Responsible subprime auto lending through AI
Never has the issue of economic inequality in America been more prominent. The coronavirus pandemic and growing social unrest have exposed the fragile financial health of our country’s low-income population.
Consider hourly workers, who face real economic peril because of a diminished earning capacity. According to Yahoo! Finance, the federal minimum wage has remained flat at $7.25 per hour $15,080 a year for the past eleven years. Yet, the 1968 minimum wage of $1.60 equals $11.79 per hour or $24,523 per year in in 2020 dollars. Editor Andrew Serwer pointed out that means minimum wage earning Americans are actually taking home 38% less today than they did 52 years ago.
This math is at the root of a very basic truth: opportunity is not distributed equally in America.
The Federal Deposit Insurance Corporation (FDIC) says that 63 million people – or about one in four adults in the US – struggle with access to mainstream financial products that meet their needs. That’s one reason why 12 million Americans use payday loans at average interest rates in excess of 300% annually. It’s expensive to be poor in America.
The age-old excuse for payday and predatory loans has been that they provide credit for people who could never find it elsewhere. That is simply not true. There are a number of mission-driven companies using technology for many types of lending to offer responsible and affordable credit at scale – even to those borrowers with no traditional credit history.
One critical ingredient of financial health for many hourly workers is the ability to affordably finance transportion. But according to the Financial Health Network, underserved consumers spent $48 billion in 2018 on interest and fees charged by subprime and “Buy Here, Pay Here” (BHPH) auto lenders.
While all subprime auto lenders should be examining their lending practices and terms, BHPH has been the more egregious offender, imposing predatory terms on consumers who struggle to get by and have very limited options. Based on the 2019 National Independent Automobile Dealers Association (NIADA) Used Car Industry Report and benchmark data from the National Association of Buy Here-Pay Here Dealers, a consumer of an average BHPH transaction would pay a total of approximately $18,000 for a car which cost the dealer just over $6,000.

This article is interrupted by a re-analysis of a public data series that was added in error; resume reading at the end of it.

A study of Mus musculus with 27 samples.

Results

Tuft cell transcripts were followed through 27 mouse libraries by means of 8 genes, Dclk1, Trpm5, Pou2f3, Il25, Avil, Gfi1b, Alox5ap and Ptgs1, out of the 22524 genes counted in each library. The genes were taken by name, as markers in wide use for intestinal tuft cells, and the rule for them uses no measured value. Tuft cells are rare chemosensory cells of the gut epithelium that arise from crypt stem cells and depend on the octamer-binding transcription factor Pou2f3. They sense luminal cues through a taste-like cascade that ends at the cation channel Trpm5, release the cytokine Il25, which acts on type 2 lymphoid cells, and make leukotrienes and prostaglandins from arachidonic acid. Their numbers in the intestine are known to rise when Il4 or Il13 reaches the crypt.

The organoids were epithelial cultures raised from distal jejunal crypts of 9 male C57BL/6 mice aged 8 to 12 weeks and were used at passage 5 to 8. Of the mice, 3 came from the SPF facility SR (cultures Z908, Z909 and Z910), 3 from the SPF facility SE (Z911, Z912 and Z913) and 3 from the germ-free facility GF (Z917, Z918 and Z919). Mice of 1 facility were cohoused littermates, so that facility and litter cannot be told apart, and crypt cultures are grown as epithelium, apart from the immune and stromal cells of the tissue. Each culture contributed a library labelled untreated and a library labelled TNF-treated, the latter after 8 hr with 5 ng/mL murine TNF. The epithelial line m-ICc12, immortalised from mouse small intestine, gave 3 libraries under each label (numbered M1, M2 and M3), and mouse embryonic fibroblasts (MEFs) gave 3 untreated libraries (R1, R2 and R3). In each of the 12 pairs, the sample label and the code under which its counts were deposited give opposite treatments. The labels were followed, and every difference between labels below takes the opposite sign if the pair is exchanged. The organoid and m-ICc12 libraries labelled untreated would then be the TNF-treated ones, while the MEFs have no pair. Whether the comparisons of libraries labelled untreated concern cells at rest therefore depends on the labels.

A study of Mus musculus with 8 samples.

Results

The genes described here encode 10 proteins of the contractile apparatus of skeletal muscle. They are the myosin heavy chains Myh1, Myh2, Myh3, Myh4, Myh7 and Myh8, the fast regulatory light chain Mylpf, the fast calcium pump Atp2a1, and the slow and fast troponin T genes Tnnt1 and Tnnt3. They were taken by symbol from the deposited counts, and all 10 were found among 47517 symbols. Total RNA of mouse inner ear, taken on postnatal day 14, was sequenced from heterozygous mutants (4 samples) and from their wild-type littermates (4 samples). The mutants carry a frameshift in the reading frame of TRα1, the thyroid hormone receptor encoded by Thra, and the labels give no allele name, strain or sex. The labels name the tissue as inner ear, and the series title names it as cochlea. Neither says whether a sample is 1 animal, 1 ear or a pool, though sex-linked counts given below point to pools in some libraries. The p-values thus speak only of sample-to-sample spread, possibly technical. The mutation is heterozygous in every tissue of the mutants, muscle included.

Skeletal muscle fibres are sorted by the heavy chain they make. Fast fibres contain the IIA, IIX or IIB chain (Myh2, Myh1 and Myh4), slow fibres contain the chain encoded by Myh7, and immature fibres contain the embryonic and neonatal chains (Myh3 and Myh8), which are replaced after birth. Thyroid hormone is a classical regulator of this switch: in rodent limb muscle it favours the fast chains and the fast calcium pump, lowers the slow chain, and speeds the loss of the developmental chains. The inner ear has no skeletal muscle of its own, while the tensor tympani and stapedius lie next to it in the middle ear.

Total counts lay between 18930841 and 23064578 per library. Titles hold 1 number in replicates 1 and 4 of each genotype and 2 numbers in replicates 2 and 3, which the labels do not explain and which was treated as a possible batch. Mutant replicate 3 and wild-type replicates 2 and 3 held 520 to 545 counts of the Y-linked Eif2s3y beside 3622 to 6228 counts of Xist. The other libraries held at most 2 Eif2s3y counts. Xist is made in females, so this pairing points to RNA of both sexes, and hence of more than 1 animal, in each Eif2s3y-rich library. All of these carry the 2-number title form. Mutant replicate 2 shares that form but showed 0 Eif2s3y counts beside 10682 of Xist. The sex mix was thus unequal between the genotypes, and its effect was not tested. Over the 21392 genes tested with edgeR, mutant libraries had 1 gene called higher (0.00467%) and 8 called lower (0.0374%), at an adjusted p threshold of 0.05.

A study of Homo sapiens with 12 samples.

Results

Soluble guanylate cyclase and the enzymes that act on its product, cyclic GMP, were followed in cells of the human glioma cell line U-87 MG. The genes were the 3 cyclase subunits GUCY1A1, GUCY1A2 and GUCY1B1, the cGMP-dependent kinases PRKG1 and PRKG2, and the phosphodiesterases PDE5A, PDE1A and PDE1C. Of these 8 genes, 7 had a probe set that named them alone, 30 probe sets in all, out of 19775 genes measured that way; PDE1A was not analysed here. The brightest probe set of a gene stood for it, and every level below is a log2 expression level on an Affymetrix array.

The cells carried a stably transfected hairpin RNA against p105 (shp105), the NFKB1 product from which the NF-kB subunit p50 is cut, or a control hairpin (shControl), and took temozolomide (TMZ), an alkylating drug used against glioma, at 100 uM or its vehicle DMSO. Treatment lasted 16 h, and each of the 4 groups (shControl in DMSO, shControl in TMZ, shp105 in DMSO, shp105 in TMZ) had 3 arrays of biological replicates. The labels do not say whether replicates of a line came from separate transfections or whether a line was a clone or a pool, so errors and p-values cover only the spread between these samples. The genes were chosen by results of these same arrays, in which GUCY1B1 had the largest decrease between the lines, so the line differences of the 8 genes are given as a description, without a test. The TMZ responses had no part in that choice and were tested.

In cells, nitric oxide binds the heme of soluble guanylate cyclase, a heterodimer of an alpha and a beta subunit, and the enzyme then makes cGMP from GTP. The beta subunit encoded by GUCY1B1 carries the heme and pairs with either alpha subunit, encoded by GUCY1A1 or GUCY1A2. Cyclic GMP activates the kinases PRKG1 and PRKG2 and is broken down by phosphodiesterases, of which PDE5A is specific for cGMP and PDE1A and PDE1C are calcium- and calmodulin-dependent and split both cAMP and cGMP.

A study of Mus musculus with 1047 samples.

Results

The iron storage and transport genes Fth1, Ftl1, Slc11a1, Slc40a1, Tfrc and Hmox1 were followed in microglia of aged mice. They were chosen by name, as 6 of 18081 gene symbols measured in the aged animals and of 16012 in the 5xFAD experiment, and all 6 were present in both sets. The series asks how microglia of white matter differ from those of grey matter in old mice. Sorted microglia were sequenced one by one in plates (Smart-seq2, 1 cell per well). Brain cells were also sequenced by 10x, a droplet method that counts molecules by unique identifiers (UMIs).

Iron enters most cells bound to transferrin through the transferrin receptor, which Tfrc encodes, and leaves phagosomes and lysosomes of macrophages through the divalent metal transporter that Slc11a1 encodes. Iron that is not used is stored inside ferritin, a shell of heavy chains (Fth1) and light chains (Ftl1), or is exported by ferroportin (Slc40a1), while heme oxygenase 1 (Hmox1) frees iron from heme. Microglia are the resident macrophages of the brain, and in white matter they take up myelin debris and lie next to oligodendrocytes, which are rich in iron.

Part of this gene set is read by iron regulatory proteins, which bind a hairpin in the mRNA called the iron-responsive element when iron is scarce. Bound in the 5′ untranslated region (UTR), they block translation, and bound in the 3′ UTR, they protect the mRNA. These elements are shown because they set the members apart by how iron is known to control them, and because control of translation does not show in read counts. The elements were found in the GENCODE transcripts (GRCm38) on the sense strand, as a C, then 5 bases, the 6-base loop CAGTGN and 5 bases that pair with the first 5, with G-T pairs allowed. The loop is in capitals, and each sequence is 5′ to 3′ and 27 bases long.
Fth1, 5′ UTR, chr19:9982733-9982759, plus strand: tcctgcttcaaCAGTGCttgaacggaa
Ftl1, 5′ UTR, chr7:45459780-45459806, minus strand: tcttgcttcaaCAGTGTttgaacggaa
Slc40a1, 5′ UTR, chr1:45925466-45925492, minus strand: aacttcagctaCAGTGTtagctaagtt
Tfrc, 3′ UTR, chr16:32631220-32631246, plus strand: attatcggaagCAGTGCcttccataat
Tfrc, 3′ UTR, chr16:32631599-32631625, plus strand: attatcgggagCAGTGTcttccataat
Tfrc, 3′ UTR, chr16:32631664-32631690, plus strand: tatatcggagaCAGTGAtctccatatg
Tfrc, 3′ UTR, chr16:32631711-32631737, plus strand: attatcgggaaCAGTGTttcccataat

At the heart of this vicious cycle of credit and debt is a flawed underwriting model. For the 63 million Americans unable to access mainstream credit, a FICO-based model won’t work. Its traditional scorecard methodology cannot generate sufficient segmentation power for people below a 530, leaving credit invisibles and those with damaged credit history at the mercy of predatory lenders.
However, advances in decision science and risk models through artificial intelligence (AI) and machine learning have now made it possible to accurately segement borrowers below this threshold into clear risk categories. Using non-conventional attributes at scale, AI identifies patterns among hundreds of variables and their relationship to loan defaults.
These models continually improve, optimising with each additional loan origination, payment, or delinquency. Leveraging the power of deep learning, lenders can lower interest rates and improve their financing terms overall.
For example, Tricolor’s AI powered underwriting models have helped us accurately assess credit worthiness of credit invisible Hispanics in order to offer interest rates some 35—60% lower than competitors and on higher quality used autos. With this use of AI, our customers typically double the NIADA models, purchasing a vehicle valued at $12,000 for the same $18,000 in total payments.
For customers, this results in a more affordable loan, a more reliable vehicle, and a stronger foundation on the path to mainstream finance. But this is not unique to BHPH and subprime auto. Lenders of all types and sizes can have the same impact by placing the customer at the center of the transaction, embracing technology, and reporting positive credit performance to mainstream credit bureaus.
In this way, lenders can transform decades only predatory models and make access to credit more fairly and affordably distributed. In doing so, our industry can improve business performance while addressing America’s underlying financial inequality. Responsible lending is both our shared opportunity and responsibility.